Hyper Text: Dead?
I’ll go out on a limb here: the current debate over the future of the Google Toolbar’s AutoLink feature is possibly one of the most important debates in the history of the Internet. Two sides have sprung up in this debate. Those who advocate for the right to use a product like the Google Toolbar to rip/mix/burn the content they obtain from the Internet and those who oppose the manipulation of the sanctity of hyperlinks.
Honestly, I came to a very rapid conclusion on this one: I’m against the manipulation (or addition) of links. Why? Think about what the World Wide Web is and what makes it so special.
Is it DIV tags. Is it TABLE structures? Is it IMaGes? No, it’s links. Hyper-links. H</u>yper T</u>ext T</u>ransfer P</u>rotocol. Hyper Text Markup Language (HTML). The linked nature of the documents that populate the Internet are what make the Web work. The number of links, and their relevance is what allows Google to earn billions of dollars a year. Besides the plain-text editorial content of a given page, the links are the single most important component.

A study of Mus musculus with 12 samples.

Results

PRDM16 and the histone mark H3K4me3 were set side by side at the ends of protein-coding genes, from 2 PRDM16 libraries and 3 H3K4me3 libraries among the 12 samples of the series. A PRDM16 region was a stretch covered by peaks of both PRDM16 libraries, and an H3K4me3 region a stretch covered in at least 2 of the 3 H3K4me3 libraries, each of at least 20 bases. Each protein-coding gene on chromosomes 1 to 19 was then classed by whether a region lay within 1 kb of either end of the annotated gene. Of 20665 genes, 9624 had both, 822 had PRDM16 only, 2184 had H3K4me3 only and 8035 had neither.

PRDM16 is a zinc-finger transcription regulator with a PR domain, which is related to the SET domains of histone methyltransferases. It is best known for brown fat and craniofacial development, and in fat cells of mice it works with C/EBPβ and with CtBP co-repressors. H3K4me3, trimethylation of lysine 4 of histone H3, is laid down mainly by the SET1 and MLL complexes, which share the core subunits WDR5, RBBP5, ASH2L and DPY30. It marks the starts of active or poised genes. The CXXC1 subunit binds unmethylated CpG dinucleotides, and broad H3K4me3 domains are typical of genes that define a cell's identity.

So, my point is that links are sacrosant in ways that other markup isn’t. Some of the pro-rip/mix/burn crowd might think that this is an illogical stance and that all markup should be considered equal. I think these people are simply getting stuck in the trap of an “all-or-nothing” argument. Either you can modify content (in any way you see fit) or you can’t. Personally, I don’t buy in to that.
This debate is important because it is a slippery slope. Once content modification is blessed by the masses, you’ve broken the web. You’ve snubbed your nose at producers of content in order to grossly over-empower consumers, and an important balance is disrupted. Ask yourself why people/organizations/companies would spend vast amount of time and money to produce content whose inherent message and qualities can be rearranged on the fly? Where does it end?